General Assembly is held in Minenapolis, Minnesota this year, beginning June 23. GA is always a great opportunity for learning and networking. Not to mention shopping...
Be sure to visit our exhibit table! UU Women and Religion will be sharing a table in the International Section with the ICUUW. Look for Booth #227. Besides the usual curricula, we'll have lots of the "Change the Recipe" t-shirts (at a special GA only price!) and some gorgeous new pendants by Heather Eschbach of The Waxing Moon.
Also plan to attend some of these great events sponsored by the UU Women's Federation: http://www.uuwf.org/uuwfeventsatga2010.html
Hope to see you at GA! If you can't attend, check our website during that week for photos and comments.
ICUUW is a community of Unitarian Universalists and other members of progressive faith dedicated to building global partnerships to enrich women’s lives.
Please join us for Breakfast and Annual Meeting
ALL ARE WELCOME!
Saturday, June 26, 2010, 7-8:30 AM
Hyatt Regency, 1300 Nicollet Mall, Skyway Suite, 2nd Level
purchase your tickets $25 online at ICUUW.com
Reema Nanavaty, General Secretary, Self Employed Women’s Association, Gujarat, India
Kathy Sreedhar, Director, Holdeen India Program
The curriculum is designed for women who are entering or have passed through menopause and would like to mark this passage or deepen their understanding of what it means to be a wise older woman. The program opens the participant to the power, wisdom, and insight of the mature self.
Imagine entering the labyrinth of your psyche, slowly following its turns in and out as you weave yourself toward the deep center of your essential knowing. As you make your way forward, you will remember the past, integrate its lessons and shed its excess baggage, until you come to the present moment of possibility and transformation. There you will claim the beauty and truth that can be yours and begin your walk out of the labyrinth integrating your new found knowledge and the thirteen guiding principles of a crone as you retrace your steps. Before you reemerge into the world, you will celebrate your new state and assume the crown and mantle of the crone. As a mature woman of action and compassion, you will claim your power as a woman of wisdom.
For more information, contact Dorothy at 781-391-6455 or RevEmerson@aolcom.
We had a grand celebration of Margaret Fuller’s 200th birthday on May 23, 2010. Many congregations and women’s groups celebrated that Sunday or at another time with a special service, conference or other program, and/or by hosting the traveling display, “Why Margaret Fuller Matters.” And we’re looking forward to continuing the celebration through the remainder of the year.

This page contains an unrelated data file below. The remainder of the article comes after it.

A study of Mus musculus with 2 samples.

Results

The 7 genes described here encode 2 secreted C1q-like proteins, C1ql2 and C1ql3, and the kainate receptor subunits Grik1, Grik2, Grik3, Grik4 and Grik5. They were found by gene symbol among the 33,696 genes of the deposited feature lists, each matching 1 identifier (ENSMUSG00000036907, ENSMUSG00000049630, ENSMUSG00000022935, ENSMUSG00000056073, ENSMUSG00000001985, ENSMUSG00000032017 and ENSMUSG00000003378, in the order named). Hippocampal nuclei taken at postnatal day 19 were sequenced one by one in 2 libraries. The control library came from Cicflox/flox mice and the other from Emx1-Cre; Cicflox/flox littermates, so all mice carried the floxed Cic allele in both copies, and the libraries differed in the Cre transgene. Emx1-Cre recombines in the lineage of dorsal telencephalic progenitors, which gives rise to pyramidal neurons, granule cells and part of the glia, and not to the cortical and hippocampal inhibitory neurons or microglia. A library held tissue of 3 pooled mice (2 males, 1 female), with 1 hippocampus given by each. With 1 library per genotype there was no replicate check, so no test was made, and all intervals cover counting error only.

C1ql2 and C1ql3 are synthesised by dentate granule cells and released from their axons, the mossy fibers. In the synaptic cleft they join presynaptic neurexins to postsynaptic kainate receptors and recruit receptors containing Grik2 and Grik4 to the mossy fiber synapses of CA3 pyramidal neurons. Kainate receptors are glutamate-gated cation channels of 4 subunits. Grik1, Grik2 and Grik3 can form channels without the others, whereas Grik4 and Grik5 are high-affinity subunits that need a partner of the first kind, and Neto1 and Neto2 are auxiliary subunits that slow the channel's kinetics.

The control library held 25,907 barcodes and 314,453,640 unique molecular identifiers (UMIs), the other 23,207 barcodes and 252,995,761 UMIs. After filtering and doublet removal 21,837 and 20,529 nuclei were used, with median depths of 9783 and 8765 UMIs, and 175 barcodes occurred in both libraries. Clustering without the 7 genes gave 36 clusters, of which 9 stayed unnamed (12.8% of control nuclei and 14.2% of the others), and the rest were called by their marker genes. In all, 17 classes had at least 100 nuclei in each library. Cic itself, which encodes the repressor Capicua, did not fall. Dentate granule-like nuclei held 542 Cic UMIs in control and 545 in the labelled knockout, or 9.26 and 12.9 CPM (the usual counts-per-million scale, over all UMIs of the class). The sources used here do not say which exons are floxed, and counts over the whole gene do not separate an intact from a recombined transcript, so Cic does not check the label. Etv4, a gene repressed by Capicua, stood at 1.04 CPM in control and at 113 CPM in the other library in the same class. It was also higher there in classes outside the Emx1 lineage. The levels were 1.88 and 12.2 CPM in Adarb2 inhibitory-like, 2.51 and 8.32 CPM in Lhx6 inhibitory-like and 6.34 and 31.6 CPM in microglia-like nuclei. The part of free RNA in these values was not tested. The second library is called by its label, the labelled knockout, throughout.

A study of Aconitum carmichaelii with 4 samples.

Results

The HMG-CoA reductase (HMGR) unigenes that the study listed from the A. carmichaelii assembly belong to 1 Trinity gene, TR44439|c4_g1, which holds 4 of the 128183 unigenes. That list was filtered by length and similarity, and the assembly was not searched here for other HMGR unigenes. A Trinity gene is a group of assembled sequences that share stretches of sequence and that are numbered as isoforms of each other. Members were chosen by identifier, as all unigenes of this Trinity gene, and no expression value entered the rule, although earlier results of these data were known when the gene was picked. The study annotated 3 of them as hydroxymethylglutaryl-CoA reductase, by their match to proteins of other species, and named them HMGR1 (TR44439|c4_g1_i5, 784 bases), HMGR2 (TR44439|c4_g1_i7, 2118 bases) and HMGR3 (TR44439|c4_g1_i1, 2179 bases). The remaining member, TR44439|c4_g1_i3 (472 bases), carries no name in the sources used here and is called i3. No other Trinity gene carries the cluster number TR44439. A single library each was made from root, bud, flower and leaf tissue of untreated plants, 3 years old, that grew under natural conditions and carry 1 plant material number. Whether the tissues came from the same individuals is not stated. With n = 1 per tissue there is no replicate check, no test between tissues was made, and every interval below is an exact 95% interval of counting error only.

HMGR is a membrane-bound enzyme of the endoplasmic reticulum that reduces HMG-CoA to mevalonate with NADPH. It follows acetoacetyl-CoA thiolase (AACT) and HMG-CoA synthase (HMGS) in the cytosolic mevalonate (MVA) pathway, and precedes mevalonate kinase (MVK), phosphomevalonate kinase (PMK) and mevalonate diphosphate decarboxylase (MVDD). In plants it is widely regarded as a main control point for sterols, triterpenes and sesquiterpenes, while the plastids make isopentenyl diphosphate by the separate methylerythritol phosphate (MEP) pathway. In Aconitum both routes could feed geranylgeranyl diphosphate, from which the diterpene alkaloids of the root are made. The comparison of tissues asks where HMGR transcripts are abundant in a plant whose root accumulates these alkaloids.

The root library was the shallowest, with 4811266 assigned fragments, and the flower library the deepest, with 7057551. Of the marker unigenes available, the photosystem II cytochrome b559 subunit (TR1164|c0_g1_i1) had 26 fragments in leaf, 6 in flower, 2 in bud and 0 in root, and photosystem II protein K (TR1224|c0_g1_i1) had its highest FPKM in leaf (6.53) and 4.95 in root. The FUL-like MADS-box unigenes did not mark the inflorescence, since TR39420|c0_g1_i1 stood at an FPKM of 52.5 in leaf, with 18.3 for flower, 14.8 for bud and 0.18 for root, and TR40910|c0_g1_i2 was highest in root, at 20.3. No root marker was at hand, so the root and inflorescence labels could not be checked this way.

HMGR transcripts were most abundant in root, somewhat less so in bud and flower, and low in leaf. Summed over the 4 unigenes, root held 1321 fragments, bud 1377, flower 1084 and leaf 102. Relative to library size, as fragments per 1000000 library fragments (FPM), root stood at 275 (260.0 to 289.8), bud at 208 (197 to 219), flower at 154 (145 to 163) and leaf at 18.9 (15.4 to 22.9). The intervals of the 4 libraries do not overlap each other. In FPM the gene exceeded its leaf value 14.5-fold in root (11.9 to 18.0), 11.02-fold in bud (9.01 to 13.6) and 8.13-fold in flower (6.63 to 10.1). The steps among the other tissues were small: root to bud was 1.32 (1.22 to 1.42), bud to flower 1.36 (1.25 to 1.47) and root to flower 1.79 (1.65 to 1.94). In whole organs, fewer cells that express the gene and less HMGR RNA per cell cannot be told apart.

There’s still time for you to be part of this great celebration. Check out www.margaretfuller.org for resources and for upcoming events. You can also make a donation online, if you feel so inspired.
Consider bringing the traveling display to your area. “Why Margaret Fuller Matters” is a series of 10 colorful 24-inch x 18-inch foam core panels with text and images designed to answer the fundamental question of why this great nineteenth-century figure remains important two centuries after her birth. The display introduces audiences to Margaret Fuller’s life, her ideas, her writings, and her vision of a just world.
Just in case you are still not sure who Margaret Fuller was, here’s a very brief statement of why you might want to join in this celebration of her bicentennial. Margaret Fuller was a writer, activist, and futurist who changed the way people viewed the world. One of the guiding lights of the first wave of feminism, she helped educate the women of her day by leading a series of Conversations in which women were empowered to read, think, and discuss important issues. She inspired generations to follow (including those who called the 1848 first women’s rights meeting at
Many thanks are due to UU Women & Religion for generously serving as fiscal agent for the two grants we have received from the Fund for Unitarian Universalism. Additional funding has been received from the UU Historical Society, Mass Humanities, and numerous individual donors. Without financial support we could not do this work. We know Margaret, who struggled financially during her life, would be pleased with the support being given to this Bicentennial effort.
Most of all, though, we hope you will join the celebration—and let us know what you are doing to bring Margaret Fuller to life in your community. If you don’t have an internet connect, you may contact Dorothy Emerson at 339-206-0829.